Tom Brady, Bill Belichick cement their titles as the greatest

Tom Brady and Bill Belichick ended the debate in grand fashion. They proved once and for all that they are the greatest quarterback and NFL coach of all time with an all-time Super Bowl comeback.

Dismantle the debate team. It’s over.

As silly as the overused acronym GOAT – Greatest Of All Time – might be, it’s an accurate and well-deserved descriptor when it comes to these New England Patriots.

They have found ways of turning regular-season dominance into cardiac-kid Super Bowl wins. Two years ago, Malcolm Butler stole the heart right out of Seattle’s seeming lock on a Super Bowl win with a goal-line interception 20 seconds before the Seahawks were supposed to start their own dynasty.

But, this one? Sunday’s Super Bowl? It was all Tom Brady. GOAT quarterback. And Bill Belichick. GOAT NFL coach.

After the biggest comeback in Super Bowl history, stealing a 34-28 overtime win from the Atlanta Falcons after trailing 28-3 in the third quarter, Belichick and Brady now have five Super Bowl titles, all coming since 2001. It’s the most in NFL history for a head coach or quarterback.

The debate is done and won. Brady: greatest quarterback of all time. Belichick: greatest NFL coach of all time. They’ve done it together, building inseparable Super Bowl supremacy.

Belichick broke the tie of four Super Bowl wins over Chuck Noll. The Hoodie now has 26 career postseason wins, most in NFL history. The Patriots have won eight consecutive AFC East titles, the longest streak all-time.

How “cardiac” were the Patriots? Their five Super Bowls have been won by a combined 19 points – three, three, three, four and six points. Super Bowl LI’s six-point win was their largest, and they needed overtime to once again prove that Brady and Belichick are the bosses. It was the first overtime in an NFL championship game since 1958 and the first in Super Bowl history.

Brady, who was misfiring in the first half and threw an interception that was returned for a touchdown, turned it all around when the pressure of the moment was squarely on his chiseled shoulders. His 466 yards passing were the most in Super Bowl history and second-most in NFL playoff history.

Brady completed 43 of 62 passes for 466 yards, two touchdowns and a first-half interception. Super Bowl quarterbacks have attempted 50 or more passes six times and only won twice. Brady owns both of those victories because that’s what Super Bowl bosses do.

Down 28-3 in the third quarter, he led five consecutive scoring drives (excluding a one-play drive at the end of regulation) to not only orchestrate the biggest comeback in Super Bowl history, but it was the biggest in Patriots franchise history.

He extended the Super Bowl and playoff records he already owned for most passing attempts, completions and touchdowns. He broke the Super Bowl record for most starts, most wins and most MVP performances. But this one was especially special, given the incredible and improbable comeback nature of it all.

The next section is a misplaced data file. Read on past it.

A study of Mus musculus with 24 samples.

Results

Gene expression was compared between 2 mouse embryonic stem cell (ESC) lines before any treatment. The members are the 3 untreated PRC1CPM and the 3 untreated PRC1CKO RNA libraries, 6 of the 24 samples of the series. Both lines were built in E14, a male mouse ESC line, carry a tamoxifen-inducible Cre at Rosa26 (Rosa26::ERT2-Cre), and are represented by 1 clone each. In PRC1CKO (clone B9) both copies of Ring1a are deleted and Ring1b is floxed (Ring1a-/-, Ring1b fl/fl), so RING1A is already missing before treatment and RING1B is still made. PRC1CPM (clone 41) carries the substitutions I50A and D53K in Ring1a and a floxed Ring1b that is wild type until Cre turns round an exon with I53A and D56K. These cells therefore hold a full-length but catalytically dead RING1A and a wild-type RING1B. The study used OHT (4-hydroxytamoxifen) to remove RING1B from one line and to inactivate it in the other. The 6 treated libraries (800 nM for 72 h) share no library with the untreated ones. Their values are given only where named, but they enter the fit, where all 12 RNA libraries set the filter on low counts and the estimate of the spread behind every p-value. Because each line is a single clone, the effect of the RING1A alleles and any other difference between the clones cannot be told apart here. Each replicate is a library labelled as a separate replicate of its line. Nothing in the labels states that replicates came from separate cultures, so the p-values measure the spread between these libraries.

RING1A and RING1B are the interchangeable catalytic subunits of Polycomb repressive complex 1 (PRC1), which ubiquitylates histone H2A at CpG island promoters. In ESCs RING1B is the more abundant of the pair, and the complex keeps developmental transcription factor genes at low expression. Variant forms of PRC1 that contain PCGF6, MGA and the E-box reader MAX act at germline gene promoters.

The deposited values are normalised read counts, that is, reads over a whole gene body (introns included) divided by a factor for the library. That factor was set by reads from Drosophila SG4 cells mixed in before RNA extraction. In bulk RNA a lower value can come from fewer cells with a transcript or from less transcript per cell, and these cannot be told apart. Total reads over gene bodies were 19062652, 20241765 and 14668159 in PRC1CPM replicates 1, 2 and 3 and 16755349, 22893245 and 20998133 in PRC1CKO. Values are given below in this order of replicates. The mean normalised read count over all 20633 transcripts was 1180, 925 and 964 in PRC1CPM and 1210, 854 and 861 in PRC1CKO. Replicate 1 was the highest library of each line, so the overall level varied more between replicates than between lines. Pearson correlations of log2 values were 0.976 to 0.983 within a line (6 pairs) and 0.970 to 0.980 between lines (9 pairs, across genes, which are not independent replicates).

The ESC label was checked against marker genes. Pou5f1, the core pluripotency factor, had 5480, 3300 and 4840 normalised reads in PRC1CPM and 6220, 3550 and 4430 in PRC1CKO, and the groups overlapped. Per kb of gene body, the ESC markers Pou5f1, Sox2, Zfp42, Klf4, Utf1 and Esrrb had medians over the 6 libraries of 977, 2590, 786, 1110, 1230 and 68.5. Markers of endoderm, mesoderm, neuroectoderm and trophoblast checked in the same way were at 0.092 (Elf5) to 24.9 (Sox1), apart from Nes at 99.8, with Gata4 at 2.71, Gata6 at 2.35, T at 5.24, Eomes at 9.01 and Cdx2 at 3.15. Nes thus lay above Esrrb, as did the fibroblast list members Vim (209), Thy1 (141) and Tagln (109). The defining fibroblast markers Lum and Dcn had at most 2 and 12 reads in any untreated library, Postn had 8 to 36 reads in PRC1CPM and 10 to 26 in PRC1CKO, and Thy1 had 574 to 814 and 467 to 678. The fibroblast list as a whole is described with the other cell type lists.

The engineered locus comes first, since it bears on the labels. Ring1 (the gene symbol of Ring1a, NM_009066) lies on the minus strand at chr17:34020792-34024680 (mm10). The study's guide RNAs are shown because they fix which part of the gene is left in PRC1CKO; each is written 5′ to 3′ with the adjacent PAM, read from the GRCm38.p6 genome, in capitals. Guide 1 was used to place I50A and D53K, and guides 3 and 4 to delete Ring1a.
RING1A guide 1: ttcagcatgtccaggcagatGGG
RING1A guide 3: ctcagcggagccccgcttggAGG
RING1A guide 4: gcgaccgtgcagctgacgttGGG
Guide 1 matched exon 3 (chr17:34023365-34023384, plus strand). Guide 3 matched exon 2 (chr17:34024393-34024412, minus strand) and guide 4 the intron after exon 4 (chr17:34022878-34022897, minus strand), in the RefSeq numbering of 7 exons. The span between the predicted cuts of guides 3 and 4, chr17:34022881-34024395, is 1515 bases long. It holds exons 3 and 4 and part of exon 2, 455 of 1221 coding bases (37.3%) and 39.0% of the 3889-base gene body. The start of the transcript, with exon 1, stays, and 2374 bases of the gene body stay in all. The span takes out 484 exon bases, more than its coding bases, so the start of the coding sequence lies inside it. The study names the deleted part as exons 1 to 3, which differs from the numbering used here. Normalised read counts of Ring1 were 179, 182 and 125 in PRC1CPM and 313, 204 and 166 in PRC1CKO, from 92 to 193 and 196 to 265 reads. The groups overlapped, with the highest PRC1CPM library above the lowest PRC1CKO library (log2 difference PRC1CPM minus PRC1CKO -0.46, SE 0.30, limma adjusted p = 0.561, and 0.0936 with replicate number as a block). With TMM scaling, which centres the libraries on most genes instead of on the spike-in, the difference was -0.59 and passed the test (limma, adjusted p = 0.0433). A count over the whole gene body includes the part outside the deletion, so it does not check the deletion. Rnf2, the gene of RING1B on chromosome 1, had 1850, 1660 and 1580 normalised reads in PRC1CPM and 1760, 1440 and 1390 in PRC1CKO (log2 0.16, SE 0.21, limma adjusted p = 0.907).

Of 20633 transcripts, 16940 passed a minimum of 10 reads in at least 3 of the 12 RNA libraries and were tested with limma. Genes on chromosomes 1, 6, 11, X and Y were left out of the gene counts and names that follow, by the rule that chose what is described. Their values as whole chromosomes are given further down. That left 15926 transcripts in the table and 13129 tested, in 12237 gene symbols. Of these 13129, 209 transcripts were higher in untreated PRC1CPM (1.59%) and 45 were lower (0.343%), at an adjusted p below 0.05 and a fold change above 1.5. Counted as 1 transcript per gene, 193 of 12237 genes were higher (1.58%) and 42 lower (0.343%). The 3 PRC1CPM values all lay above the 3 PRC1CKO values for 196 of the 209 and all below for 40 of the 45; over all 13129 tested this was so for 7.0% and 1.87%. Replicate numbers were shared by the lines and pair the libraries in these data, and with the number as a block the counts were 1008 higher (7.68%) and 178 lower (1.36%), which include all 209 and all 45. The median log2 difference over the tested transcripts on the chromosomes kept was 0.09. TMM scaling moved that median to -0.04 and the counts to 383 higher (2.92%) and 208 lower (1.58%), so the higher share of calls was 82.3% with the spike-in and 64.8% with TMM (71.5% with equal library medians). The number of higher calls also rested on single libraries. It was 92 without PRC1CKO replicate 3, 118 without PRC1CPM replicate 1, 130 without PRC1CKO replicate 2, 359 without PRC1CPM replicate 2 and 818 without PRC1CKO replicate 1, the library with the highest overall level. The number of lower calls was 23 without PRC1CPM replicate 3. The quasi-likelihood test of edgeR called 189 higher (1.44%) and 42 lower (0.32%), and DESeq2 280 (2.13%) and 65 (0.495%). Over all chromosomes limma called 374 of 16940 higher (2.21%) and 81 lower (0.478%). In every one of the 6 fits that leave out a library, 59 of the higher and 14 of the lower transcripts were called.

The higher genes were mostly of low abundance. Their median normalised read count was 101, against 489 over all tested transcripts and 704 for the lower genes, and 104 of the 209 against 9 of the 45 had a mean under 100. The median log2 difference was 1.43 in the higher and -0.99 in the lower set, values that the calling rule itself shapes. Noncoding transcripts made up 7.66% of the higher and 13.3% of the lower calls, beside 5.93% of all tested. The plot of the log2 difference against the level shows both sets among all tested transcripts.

New England was the fifth team in NFL history to win after trailing by 25 points or more, but they are the only one to do it on football’s grandest Super Bowl stage.

Brady will be hailed as the king of the Super Bowl comeback, but RB James White scored two touchdowns, including New England’s first touchdown in the fourth quarter and the game-winner in overtime, and he had the game-tying two-point conversion with 57 seconds left. He was the first player in postseason history to score a touchdown in the fourth quarter and overtime, according to the Elias Sports Bureau.

His 14 receptions were the most in Super Bowl history and he set the Super Bowl record with 20 points in the game.

The sting is sharpest in Atlanta, where the Falcons will forever be scrutinized for their approach late in the fourth quarter. Desperately clinging to a 28-20 lead, Matt Ryan took control of the ball with less than six minutes to play at his own 10-yard line and in only three plays drove the Falcons to the New England 22-yard line.

The ball was in field goal position and a 10-point lead with 3½ minutes would seem to have sealed Atlanta’s first Super Bowl title.

Facing first-and-10 there, Devonta Freeman ran for a 1-yard loss, Ryan was sacked for an 11-yard loss and a holding penalty on another pass play backed the Falcons out of field goal range to the 45-yard line, where Ryan threw an incompletion, allowing the Patriots to have two timeouts and forcing a punt with 3½ minutes to play.

That sequence of plays set up the Patriots for a 91-yard, history-making Brady-Belichick touchdown drive to add to their lore.

In overtime, the Falcons never saw the ball. Brady connected on his first five passes – one of the two he missed on the drive was negated by a pass interference call to set up the game-winning touchdown run by White.

For the first 45 minutes the Falcons dominated the stats and the scoreboard, but for the final 15 minutes – and last 15 years – it was, and has been, Brady and Belichick.


  • Falcons RBs Freeman and Tevin Coleman and TE Austin Hooper all scored touchdowns for the Falcons, making the Falcons the first team in Super Bowl history to have three players all under the age of 24, score touchdowns in a Super Bowl, according to Elias. It will be little consolation to them now, but it bodes well for the future of the Falcons … if they can somehow overcome the mental hurdle of the crushing collapse.
  • Atlanta is the first team in Super Bowl history to have a pick-six touchdown and still lose, according to Pro Football Reference, and Ryan’s 144.1 rating is the highest in Super Bowl history by a losing quarterback.